Storing your yarn stash takes some thought to make sure your yarn is in good shape and ready to use for your next project.
Here are some tips:
- Do not store yarn in plastic bags. Yarn needs to breathe and depending on the fiber can hold up to 30% it’s weight in moisture without feeling wet. I have seen cotton yarn mold because it was stored in plastic bags in a humid climate!
- Store all yarn in a climate controlled environment, not in a damp basement or hot attic.
- Store yarn in an extra closet (hanging shoe holders work great for this) or in plastic tubs out of direct sunlight.
- Do not store yarn in baskets on rugs. Carpet beetles love to eat yarn!
- The best way to store yarn for a long period of time is to place it in old pillowcases in a closet ( a linen closet is perfect!) in the main living area of your home or on open shelving out of direct sunlight.
- Do not store unlaundered garments, the buggies love them!
- Store all washed crocheted wearables folded on a closet shelf or in a dresser. Hanging garments stretches them out of shape.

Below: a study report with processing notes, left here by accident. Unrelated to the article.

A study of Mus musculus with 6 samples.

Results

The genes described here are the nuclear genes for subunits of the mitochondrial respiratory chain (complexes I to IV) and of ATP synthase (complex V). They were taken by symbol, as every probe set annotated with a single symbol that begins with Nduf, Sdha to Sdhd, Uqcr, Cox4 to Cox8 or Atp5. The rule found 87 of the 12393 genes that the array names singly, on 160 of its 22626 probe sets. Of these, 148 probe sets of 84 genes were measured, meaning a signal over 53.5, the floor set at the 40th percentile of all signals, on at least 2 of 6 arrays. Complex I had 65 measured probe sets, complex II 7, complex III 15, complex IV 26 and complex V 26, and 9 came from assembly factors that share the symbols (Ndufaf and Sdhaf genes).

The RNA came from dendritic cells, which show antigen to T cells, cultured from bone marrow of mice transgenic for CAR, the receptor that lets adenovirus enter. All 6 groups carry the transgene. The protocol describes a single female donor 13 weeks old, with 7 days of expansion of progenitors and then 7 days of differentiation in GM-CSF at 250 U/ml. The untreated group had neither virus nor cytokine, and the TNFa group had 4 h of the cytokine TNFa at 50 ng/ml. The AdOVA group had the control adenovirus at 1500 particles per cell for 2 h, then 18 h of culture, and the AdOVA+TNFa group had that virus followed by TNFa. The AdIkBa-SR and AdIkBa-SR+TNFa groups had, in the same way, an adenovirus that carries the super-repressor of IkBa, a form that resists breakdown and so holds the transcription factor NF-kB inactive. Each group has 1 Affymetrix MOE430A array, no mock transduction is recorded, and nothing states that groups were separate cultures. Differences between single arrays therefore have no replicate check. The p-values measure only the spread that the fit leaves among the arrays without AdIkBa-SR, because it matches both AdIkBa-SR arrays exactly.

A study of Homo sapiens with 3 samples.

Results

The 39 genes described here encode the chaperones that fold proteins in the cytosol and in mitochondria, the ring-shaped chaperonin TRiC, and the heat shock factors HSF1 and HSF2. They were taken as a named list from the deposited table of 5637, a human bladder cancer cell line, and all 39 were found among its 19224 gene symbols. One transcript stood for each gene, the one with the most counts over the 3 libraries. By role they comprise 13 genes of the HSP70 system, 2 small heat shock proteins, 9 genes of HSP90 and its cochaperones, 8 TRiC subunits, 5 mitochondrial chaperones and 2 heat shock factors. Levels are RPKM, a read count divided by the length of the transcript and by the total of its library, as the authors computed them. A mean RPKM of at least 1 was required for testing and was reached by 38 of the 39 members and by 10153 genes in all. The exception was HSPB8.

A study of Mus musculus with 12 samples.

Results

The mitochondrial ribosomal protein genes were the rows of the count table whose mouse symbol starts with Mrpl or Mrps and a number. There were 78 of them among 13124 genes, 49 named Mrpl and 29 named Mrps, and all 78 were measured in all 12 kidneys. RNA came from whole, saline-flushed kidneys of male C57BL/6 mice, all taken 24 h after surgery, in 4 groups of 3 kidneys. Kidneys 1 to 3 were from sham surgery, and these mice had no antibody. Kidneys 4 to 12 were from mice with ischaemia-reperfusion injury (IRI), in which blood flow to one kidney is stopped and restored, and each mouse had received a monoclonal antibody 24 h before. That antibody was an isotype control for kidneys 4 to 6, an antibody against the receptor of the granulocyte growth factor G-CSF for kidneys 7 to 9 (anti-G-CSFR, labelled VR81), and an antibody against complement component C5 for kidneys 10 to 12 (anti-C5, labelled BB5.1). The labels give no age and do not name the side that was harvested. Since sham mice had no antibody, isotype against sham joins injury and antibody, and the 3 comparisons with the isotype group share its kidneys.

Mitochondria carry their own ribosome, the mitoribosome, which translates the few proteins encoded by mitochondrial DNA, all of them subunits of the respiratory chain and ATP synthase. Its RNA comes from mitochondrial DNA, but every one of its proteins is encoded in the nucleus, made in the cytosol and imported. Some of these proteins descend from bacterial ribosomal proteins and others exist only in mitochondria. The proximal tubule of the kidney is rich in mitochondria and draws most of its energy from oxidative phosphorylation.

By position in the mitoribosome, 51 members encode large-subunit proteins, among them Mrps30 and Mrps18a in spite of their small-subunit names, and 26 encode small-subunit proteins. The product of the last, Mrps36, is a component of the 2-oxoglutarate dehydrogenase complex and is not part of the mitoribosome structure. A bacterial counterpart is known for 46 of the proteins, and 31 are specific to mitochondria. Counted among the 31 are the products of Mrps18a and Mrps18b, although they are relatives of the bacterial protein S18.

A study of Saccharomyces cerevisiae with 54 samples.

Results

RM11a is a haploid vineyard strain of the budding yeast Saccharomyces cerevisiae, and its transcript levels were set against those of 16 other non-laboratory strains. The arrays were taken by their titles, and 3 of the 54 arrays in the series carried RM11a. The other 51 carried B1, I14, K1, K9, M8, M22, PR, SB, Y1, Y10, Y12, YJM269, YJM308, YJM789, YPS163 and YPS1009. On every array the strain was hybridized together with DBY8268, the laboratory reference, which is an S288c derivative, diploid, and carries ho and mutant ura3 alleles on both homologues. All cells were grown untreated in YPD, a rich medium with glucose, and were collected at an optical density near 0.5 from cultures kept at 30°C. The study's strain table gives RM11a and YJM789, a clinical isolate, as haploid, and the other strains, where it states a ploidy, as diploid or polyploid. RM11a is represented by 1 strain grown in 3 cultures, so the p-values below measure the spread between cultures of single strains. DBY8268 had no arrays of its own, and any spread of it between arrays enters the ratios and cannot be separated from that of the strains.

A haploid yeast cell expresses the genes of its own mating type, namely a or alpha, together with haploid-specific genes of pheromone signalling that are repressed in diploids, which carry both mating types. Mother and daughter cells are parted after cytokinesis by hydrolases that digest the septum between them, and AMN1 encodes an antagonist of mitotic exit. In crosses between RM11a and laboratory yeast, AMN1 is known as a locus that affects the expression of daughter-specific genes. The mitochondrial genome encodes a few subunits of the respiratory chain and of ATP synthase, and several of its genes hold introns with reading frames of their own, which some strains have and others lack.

- Moths like undisturbed dark places, so if you leave your crocheted garments out all year in a closet or dresser you use daily, they are less likely to take up residence!
- Cedar, lavender and other herbal remedies to prevent moths or bugs works because of the smell. If you can no longer smell the fragrance, it is not working.
- Moth balls may work, but the off-gas emitted can actually damage your yarn. If you use moth balls, make sure they do not come in direct contact with your yarn.
- Got moths?! If you see moths, throw out the offending yarn immediately! It is not worth taking any chances with the rest of your stash. Some say you can put the yarn in the freezer for a month or two to kill the moths, but that doesn’t kill any eggs that may be present. The best thing is to get rid of the yarn and thoroughly clean the area.
- It may be a bargain, but do not buy yarn at garage sales unless you know what to look for! If it smells musty or breaks when you pull on it, do not buy it! It has been stored incorrectly. And you may bring home some uninvited critters in the bargain!
Designer and Annie’s video instructor, Deb Arch stores her yarn on open shelving in her craft room.
Have you figured out a great way to store your yarn stash? Send a photo to email@example.com so we can share it with our readers.